Their timing underscored the degree to which British politicians on both sides of the aisle have now joined their American counterparts in making commitment to Israel a defining issue in their campaigns for highest office.

Liz Truss, the foreign secretary, and Rishi Sunak, the chancellor, trumpeted their pro-Israel credentials over the weekend, as Israel killed 45 Palestinians, including 16 children, and injured hundreds more. Israel said several Islamic Jihad leaders - the intended targets - were among the dead. A ceasefire went into effect late on Sunday night.

As expected, western leaders came out solidly in support of Israel, even though on this occasion there was not even the pretence that Israel was "retaliating" for rockets fired out of Gaza. Israel initiated the hostilities, claiming its strikes were meant to prevent an alleged attack by the Palestinian resistance group Islamic Jihad with an anti-tank missile.

One can imagine how politicians in the United States and Europe would have reacted had a Palestinian faction justified firing rockets into Israel unprovoked on the basis that it wished to deter future Israeli air strikes. But in any case, if deterrence really was Israel's aim, its attack had precisely the opposite effect. Entirely predictably, Islamic Jihad responde d by firing hundreds of rockets into Israel.

In fact, though it is never mentioned by western politicians or media, Palestinians, unlike Israel, actually have a right in international law to resist Israel militarily - and not only because Israel has been belligerently occupying their lands for decades.

Israel has additionally subjected Gaza to a 15-year blockade that has tightly controlled who and what is allowed in and out of the tiny, heavily overcrowded coastal enclave. Gaza has been left in ruins by a series of Israeli attacks over more than a decade - what the Israeli army calls "mowing the lawn". Gaza's trapped 2.1 million inhabitants suffer serious shortages of food, clean water, medicines, and electricity. Malnutrition and poverty are endemic.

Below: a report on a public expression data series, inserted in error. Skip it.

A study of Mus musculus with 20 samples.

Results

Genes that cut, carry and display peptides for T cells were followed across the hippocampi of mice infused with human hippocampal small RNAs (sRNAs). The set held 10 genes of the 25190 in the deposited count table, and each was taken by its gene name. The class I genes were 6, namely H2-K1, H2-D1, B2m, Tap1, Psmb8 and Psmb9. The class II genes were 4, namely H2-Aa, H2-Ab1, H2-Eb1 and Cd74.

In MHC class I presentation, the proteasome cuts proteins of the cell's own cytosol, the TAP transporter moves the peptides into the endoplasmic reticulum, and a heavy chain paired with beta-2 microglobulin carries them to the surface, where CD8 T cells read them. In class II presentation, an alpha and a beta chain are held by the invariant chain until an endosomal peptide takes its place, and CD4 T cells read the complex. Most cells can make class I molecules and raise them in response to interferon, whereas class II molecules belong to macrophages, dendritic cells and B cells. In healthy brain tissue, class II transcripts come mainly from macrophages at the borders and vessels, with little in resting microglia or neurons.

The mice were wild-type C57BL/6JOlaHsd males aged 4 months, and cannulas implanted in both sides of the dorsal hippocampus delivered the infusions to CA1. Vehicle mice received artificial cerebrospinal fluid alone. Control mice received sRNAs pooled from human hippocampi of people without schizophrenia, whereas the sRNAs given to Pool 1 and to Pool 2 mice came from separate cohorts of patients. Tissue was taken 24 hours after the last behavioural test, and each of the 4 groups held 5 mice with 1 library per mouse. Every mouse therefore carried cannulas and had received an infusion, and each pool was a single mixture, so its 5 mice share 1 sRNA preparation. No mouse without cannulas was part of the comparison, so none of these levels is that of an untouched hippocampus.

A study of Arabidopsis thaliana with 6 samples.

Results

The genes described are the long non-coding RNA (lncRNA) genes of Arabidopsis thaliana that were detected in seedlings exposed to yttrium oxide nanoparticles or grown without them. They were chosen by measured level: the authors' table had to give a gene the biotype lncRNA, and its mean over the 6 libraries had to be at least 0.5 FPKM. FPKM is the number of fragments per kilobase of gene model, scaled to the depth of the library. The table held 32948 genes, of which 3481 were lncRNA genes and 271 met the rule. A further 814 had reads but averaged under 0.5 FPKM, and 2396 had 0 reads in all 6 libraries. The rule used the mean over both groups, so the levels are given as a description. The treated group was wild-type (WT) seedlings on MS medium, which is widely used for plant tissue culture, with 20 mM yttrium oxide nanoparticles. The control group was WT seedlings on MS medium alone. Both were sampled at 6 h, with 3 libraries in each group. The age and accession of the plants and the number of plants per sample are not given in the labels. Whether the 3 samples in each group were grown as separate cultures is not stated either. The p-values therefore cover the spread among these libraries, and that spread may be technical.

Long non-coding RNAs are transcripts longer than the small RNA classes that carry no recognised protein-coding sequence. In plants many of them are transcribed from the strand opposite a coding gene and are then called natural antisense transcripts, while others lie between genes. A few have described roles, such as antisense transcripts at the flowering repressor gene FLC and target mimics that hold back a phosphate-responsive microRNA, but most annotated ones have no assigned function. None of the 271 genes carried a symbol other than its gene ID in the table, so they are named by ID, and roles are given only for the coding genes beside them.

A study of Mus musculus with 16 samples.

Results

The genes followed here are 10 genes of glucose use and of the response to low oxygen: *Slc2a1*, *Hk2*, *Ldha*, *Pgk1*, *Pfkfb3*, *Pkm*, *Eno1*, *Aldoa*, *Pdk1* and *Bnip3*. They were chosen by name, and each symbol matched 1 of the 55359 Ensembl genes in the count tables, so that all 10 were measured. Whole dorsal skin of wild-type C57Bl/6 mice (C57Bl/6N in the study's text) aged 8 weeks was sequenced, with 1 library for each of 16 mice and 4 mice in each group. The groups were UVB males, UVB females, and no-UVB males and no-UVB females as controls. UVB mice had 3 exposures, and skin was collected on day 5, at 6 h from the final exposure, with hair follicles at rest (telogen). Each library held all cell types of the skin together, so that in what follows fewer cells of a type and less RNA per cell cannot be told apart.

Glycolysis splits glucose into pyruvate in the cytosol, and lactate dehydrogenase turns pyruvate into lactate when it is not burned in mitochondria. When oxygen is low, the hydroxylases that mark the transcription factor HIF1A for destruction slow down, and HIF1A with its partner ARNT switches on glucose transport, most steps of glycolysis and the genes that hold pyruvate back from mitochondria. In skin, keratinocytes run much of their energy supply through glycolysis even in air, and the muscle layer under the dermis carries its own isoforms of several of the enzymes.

Last year, the head of the United Nations, Antonio Guterres, observed: "If there is a hell on earth, it is the lives of children in Gaza." That hell is entirely manmade - by Israel.

Double standard

Perhaps the most flagrantly hypocritical comment on the weekend's events came from Yevgen Korniychuk, the Ukrainian ambassador to Israel. He tweeted out a message of support for Israel that turned reality on its head.

He expressed "deep sympathy" for the Israeli public, suggesting that Israel, like Ukraine, was suffering "a very brutal attack by its neighbour". He added: "Attacks on women and children are reprehensible."

But it was Israel that initiated the attack, not the Palestinians. And it was women and children in Gaza, not in Israel, who died under Israeli bombs.

Korniychuk's comments served to underscore the wider hypocrisy of western politicians who have expressed outrage at Russian aggression against Ukraine since its invasion in late February, but for years have either minimised or supported Israel's regular aggression against Gaza.

The double standard was starkly evident in the case of the two contenders for Johnson's crown. At the weekend, Truss and Sunak laid out their unwavering support for Israel at the very moment it was killing Palestinian civilians in Gaza. They did so to their party's main pro-Israel lobby group, the Conservative Friends of Israel (CFI).

Truss averred: "The UK should stand side by side with Israel, now and well into the future. As Prime Minister, I would be at the forefront of this mission." Comments from Truss, the bookmakers' favourite, particularly stick in the craw.